Flickr Creative Commons user MGShelton
Oak Leaf Hydrangea in January

Poor Will's Almanack for the Transition Week to Deep Winter.

It is New Year's week, and before January begins, I always take an inventory of what is happening around the yard and in my life.

I check the oak leaf hydrangea by the back porch. It often keeps half its leaves, even when the days stay below freezing. I stand and look at the wood pile for a while, trying to estimate how much wood is left.

I look in the front garden to see if the snowdrops have come up; usually they have, at least a little, their white tips an easy gauge of earliest spring - that is unless they are covered with snow.

I check the pussy willows, sometimes I count how many are opening. That's another way to measure the progress of the year. I take a look at the honeysuckle bushes, note whether any of their berries are left. I finger the seed heads of the New England asters to see if all the seeds are gone. I kick the fat Osage fruits to understand how they are doing: they are chartreuse green when they tumble down in October and November, turn yellower and yellower through the fall, start to get mushy in the middle of winter, fall apart in spring.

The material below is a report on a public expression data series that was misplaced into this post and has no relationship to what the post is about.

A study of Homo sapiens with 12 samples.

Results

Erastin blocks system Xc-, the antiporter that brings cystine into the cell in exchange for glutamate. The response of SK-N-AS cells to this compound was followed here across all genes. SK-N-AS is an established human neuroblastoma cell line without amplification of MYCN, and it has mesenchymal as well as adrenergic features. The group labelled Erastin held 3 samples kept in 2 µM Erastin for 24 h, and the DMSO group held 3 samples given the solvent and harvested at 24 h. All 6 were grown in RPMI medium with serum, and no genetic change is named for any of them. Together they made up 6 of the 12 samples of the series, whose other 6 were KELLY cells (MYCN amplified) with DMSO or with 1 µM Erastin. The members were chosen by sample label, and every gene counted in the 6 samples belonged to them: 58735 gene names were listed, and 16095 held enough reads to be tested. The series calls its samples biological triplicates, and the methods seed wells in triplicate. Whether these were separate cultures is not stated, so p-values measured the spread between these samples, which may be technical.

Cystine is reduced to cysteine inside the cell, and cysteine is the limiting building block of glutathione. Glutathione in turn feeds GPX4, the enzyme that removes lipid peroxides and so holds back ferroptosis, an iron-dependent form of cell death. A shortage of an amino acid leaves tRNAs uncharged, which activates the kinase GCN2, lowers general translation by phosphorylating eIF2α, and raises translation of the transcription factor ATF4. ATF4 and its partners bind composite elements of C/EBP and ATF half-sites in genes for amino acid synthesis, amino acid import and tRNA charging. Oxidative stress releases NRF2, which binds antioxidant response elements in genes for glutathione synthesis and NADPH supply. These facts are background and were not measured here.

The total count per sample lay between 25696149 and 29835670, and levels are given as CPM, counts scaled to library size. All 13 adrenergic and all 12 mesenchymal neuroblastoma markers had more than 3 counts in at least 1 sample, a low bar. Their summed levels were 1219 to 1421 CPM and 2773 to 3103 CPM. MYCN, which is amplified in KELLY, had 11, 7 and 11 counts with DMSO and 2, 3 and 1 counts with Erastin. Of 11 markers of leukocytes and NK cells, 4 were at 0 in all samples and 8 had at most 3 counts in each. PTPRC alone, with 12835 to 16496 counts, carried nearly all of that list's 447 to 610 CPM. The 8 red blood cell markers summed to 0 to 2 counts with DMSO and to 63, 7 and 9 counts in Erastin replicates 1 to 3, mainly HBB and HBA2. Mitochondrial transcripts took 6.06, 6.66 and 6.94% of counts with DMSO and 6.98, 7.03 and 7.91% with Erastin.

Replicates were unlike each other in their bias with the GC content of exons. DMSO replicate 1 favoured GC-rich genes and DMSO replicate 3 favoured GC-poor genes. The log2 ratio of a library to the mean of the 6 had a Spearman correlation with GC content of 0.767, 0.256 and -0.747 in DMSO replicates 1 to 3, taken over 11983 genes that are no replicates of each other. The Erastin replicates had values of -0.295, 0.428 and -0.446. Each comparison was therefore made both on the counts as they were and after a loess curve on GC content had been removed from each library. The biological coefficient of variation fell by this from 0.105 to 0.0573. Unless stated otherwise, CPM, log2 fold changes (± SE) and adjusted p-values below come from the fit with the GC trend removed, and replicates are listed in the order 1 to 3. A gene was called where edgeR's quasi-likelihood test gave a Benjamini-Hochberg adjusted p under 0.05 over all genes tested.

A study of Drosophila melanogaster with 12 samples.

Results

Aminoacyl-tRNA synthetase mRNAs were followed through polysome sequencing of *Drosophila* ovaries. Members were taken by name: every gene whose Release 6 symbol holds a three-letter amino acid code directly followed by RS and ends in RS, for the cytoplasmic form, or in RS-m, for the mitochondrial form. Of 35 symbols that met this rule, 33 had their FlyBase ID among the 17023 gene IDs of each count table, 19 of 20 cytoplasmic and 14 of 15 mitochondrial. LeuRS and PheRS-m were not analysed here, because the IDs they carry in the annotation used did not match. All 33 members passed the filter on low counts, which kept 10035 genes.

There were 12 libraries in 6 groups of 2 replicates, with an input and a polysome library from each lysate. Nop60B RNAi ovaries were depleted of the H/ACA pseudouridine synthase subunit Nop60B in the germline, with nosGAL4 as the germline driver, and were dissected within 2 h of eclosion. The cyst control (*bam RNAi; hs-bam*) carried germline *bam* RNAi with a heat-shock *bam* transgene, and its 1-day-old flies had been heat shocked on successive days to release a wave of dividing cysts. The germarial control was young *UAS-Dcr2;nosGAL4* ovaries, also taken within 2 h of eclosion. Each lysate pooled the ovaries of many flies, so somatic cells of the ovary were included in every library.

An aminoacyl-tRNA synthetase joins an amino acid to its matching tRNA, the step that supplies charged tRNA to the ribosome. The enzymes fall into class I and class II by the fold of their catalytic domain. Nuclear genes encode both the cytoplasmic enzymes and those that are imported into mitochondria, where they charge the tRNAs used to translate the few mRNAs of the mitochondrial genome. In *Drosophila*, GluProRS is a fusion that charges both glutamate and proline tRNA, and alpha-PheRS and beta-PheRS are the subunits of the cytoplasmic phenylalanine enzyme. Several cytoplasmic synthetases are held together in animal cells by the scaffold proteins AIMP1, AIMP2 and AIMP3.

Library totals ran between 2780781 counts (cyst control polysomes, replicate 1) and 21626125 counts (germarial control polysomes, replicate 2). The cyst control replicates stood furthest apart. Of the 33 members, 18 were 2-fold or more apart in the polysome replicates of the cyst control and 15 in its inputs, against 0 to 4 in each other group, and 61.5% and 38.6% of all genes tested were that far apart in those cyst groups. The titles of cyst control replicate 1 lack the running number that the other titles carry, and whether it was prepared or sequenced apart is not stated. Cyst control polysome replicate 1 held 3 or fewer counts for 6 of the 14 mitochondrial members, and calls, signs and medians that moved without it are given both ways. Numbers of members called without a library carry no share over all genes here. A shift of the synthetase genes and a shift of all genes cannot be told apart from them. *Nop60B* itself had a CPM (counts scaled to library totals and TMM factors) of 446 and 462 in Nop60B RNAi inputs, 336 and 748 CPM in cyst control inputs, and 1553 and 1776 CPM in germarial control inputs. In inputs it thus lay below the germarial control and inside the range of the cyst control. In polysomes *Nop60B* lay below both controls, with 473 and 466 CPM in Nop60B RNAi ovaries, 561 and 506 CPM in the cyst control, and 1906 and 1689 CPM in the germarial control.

I find the plants that keep their green through the coldest times: the hellebores, the creeping charley, the chickweed and pachysandra, garlic mustard, mullein, sweet rocket, and sweet William, and I am reassured by their deep color and hardiness. I look under the mulch to see if the peony stalks have started to come up. I bend down and scratch the dirt in the rhubarb patch; sometime the first red knuckles of next year's pies are visible.

All this inventory of the yard and garden gives me a sense of place and control. On the other hand, inventory of my life at the end of the year is a little complicated.

Next week on Poor Will's Almanack: notes for the first full week of the new year and the first week of Deep Winter. In the meantime, look around. Take inventory. It's almost the New Year.